A new study carried out at UC Santa Barbara's National Center for Ecological Analysis and Synthesis (NCEAS) and published this week in the journal Science examines how fast animal and plant populations would need to move to keep up with recent climate change in the ocean and on land.
The answer: at similar rates.
Greenhouse gases have warmed the land by approximately one degree Celsius since 1960. That rate is roughly three times faster than the rate of ocean warming. These temperatures have forced wild populations to adapt –– or to be on the move, continually relocating.
"Most scientific and public attention regarding the impacts of climate change on our planet have paid attention to how biodiversity and people are being affected on land," Benjamin Halpern, research scientist at NCEAS and a co-author of the paper, said. "Yet most of our planet is ocean, and people depend on and benefit from the ocean for all sorts of things, such as seafood to eat or wildlife to watch (like whales).
"Our study looks at how climate change is affecting the oceans, focusing on the velocity of change that shifts where species exist, how well they can persist, and whether or not species will be able to keep up with that change," said Halpern, who is also director of UCSB's Center for Marine Assessment and Planning. "Our results provide a road map of sorts on where species need to move to adapt, and how fast."
Although the oceans have experienced less warming, plants and animals need to move as quickly as they do on land to keep up with their preferred environments because the temperature gradients are much less steep, the scientists found.
However, the researchers were surprised to find that similar movement rates are needed to outrun climate change on land (2.7 kilometers per year) and in the oceans (2.2 kilometers per year).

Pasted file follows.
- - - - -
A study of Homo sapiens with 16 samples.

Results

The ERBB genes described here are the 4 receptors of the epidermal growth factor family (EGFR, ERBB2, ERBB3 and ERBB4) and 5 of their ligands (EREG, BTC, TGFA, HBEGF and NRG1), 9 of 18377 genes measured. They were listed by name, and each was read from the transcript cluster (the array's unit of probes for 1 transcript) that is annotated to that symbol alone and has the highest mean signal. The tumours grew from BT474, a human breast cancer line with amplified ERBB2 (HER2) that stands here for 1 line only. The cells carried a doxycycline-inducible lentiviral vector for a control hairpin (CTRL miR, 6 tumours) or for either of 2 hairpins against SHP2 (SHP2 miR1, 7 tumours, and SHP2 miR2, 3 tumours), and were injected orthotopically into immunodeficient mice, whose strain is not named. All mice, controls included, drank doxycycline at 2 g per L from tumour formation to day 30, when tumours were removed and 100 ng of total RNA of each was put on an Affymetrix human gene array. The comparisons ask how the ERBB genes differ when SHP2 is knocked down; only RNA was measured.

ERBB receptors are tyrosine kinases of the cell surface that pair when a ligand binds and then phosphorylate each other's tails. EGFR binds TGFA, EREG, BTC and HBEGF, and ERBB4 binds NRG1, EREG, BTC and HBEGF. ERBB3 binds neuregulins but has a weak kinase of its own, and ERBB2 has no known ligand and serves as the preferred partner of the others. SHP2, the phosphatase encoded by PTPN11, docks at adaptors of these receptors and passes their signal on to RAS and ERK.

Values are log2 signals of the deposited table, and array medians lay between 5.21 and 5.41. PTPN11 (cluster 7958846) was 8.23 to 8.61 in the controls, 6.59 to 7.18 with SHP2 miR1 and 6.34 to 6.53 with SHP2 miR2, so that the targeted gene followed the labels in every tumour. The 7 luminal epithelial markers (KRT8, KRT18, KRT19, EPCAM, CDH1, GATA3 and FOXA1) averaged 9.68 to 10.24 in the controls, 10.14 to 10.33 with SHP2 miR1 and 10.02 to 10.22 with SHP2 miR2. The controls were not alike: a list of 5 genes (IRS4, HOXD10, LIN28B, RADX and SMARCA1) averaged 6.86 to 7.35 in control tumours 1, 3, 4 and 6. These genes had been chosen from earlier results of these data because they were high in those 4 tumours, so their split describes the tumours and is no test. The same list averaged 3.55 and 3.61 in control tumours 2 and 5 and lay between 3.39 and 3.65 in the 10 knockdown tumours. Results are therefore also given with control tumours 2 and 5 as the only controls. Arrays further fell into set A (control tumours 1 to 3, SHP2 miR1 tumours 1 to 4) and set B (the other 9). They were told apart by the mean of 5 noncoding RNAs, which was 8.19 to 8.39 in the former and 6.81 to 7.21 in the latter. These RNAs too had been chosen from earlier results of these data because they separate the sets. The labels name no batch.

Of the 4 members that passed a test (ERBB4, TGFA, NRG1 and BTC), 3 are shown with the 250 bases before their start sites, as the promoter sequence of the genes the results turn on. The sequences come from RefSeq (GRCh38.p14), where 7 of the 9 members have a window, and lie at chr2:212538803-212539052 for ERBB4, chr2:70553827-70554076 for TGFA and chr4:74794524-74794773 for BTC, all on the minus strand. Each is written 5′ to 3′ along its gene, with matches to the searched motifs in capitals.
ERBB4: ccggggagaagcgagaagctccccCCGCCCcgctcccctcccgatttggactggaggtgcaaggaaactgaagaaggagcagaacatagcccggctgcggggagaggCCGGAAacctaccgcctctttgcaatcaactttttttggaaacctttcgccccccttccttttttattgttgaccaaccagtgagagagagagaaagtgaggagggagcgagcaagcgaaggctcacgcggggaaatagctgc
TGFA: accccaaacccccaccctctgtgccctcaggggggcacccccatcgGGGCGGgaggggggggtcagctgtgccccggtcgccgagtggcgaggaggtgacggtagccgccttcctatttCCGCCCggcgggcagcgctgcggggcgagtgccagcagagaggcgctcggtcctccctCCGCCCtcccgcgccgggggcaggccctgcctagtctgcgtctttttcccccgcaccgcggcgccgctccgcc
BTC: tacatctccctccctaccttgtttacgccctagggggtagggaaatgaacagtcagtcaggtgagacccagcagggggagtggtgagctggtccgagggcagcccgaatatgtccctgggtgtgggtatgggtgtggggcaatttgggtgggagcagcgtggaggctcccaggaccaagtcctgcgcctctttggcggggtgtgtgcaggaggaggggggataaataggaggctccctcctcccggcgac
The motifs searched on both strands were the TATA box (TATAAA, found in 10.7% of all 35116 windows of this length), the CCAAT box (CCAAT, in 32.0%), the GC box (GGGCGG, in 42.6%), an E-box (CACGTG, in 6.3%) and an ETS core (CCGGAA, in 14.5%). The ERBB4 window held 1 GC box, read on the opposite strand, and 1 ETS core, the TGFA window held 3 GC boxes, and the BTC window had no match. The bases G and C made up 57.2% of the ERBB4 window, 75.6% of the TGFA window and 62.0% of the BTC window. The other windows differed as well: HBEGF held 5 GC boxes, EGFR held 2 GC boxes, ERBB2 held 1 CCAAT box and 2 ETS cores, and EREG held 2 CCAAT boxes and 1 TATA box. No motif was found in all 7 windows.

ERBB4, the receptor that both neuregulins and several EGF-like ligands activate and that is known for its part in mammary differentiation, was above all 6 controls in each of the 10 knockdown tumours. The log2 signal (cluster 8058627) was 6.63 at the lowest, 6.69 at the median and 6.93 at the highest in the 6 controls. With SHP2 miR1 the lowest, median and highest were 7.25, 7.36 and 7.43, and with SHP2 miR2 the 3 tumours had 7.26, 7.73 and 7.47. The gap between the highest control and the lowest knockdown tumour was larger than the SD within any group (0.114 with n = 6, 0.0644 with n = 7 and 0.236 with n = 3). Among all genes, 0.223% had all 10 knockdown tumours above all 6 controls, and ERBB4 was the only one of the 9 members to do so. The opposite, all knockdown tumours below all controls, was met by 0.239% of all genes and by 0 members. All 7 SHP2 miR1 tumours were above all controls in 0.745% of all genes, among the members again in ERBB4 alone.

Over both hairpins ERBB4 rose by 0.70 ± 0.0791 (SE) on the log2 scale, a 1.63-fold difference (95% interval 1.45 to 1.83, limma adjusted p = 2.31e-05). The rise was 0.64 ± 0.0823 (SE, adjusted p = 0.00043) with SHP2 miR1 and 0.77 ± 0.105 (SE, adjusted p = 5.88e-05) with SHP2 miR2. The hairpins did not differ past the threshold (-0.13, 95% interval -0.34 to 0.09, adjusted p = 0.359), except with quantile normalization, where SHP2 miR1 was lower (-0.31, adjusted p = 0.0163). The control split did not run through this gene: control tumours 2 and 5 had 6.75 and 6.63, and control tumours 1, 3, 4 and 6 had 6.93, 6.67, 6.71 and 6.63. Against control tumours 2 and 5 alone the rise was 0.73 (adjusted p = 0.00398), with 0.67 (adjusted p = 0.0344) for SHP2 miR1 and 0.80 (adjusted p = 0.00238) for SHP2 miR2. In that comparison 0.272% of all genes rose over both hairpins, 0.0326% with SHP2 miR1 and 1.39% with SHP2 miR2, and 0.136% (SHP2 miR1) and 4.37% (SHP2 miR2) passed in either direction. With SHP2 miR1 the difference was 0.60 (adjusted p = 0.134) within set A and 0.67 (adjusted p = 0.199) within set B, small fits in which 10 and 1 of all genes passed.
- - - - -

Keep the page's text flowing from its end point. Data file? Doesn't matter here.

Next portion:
"Not a lot of marine critters have been able to keep up with that," said paper co-author John Bruno, a marine ecologist at the University of North Carolina at Chapel Hill. "Being stuck in a warming environment can cause reductions in the growth, reproduction, and survival of ecologically and economically important ocean life such as fish, corals, and sea birds."
"These results provide valuable insights into how climate will affect biological communities worldwide," said David Garrison, director of the Biological Oceanography Program at the National Science Foundation, which supported the study.
This analysis is an example of the value of synthesis research centers such as NCEAS in addressing society's environmental challenges, Garrison said.
"With climate change we often assume that populations simply need to move poleward to escape warming, but our study shows that in the ocean, the escape routes are more complex," said ecologist Lauren Buckley of the University of North Carolina at Chapel Hill, also a co-author of the paper. "For example, marine life off the California coast would need to move south to remain in its preferred environment due to increased upwelling."
"Some of the areas where organisms would need to relocate the fastest to stay ahead of climate change are important biodiversity hot spots, such as the coral triangle region in southeastern Asia," said lead author Michael Burrows of the Scottish Association of Marine Science.
Whether by land or by sea, according to the study, all will need to be on the fly.